Methane is the principle component of natural gas, making the Bio Bug akin to the Civic GX we featured in Translogic Episode 6.2. But the BioBug's fuel comes from "biogas," which is collected from the biological breakdown of organic matter that accompanies sewage treatment. Before being used in automotive applications, biogas needs to be "upgraded" by having carbon dioxide separated.
Once that happens, performance is the same as a regular car, says project engineer Mohammed Saddiq. "It's absolutely no different, there's no deterioration in performance, it drives like it would running on petrol. There's no odor coming out of the exhaust."
Biogas-powered cars are nothing new. Volvo introduced a prototype about five years ago and continues to explore its uses for commercial vehicles. The trick here is that while biogas technology often involves collecting naturally occurring methane gas from landfills and oil wells, the biogas used in the Bio Bug comes from anaerobic bugs that digest sewage in giant processing tanks -- much like the bugs in your stomach digest your food, creating that other type of gas.
"Anaerobic digestion has been around for hundreds of years," says Saddiq. "We just put the bits of the jigsaw together to demonstrate we can get a car powered by bio gas."
Sweden and the U.K. traditionally lead Europe in biogas technology, but similar projects exist in the U.S.
The Bio Bug project came about when British water-treatment company Wessex Water looked into whether it could harness a gas byproduct from its massive sewage plants to minimize its own carbon footprint. In doing so, it discovered that not only could such a byproduct power its entire vehicle fleet, but it could also be used to power automotive infrastructure on a much larger scale.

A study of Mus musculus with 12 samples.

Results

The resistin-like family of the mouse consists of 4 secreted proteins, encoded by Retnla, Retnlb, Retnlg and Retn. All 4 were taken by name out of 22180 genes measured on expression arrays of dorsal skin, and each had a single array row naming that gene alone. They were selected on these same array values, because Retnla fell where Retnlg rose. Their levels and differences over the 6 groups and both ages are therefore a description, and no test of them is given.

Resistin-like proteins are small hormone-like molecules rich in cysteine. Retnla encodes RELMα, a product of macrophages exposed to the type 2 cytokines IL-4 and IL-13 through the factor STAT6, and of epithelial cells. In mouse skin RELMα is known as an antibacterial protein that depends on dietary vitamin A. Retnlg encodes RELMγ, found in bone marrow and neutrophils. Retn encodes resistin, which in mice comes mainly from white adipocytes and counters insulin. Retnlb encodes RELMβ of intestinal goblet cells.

Geneco, the subsidiary that launched the Bio Bug project, treats the waste of about 2.3 million customers. Last year it set a goal to become a carbon neutral company by 2020 in part by developing energy-saving technologies. Saddiq says that by harnessing its methane byproduct and using the additional energy to power its treatment plant, the water company has cut its energy costs by 42 percent. It's even started exporting spare electricity to the U.K. grid.
Saddiq says that the methane gas harvested from one sewage plant could be enough to power some 95,000,000 miles and a year's sewage from just 70 homes can power the Bio Bug for about 10,000 regular driving miles. The car can be driven between 200 and 300 miles before having to top up the gas tanks -- which, flattened out for different driving conditions, works out to about 5.3 miles per 35 cubic feet of gas -- and the modified Beetle is capable of reaching its top speed of 115 mph.
Carbon dioxide emissions are similar to a regular powered car and are considered carbon neutral, as the methane gas, as a byproduct of sewage treatment, would commonly be released into the atmosphere anyway.
Distribution of the gas tanks, Saddiq says, would not be a significant problem and if the car runs out of methane, it reverts back to its regular gasoline supply. "Once the methane is stored in cylinders there is no reason why the gas couldn't be stored, then transported to [gas stations]."
Having recently looked into mixing your own biodiesel for a future episode of Translogic, we thought there was one question we absolutely had to ask Saddiq: Could a consumer harness their own waste and use it to power their car?
"They could, but the economies of scale wouldn't promote that. They'd need an anaerobic digester, separate gas cleanup systems, the solids would need to be treated, and the waste water cleaned," he said with a wry chuckle.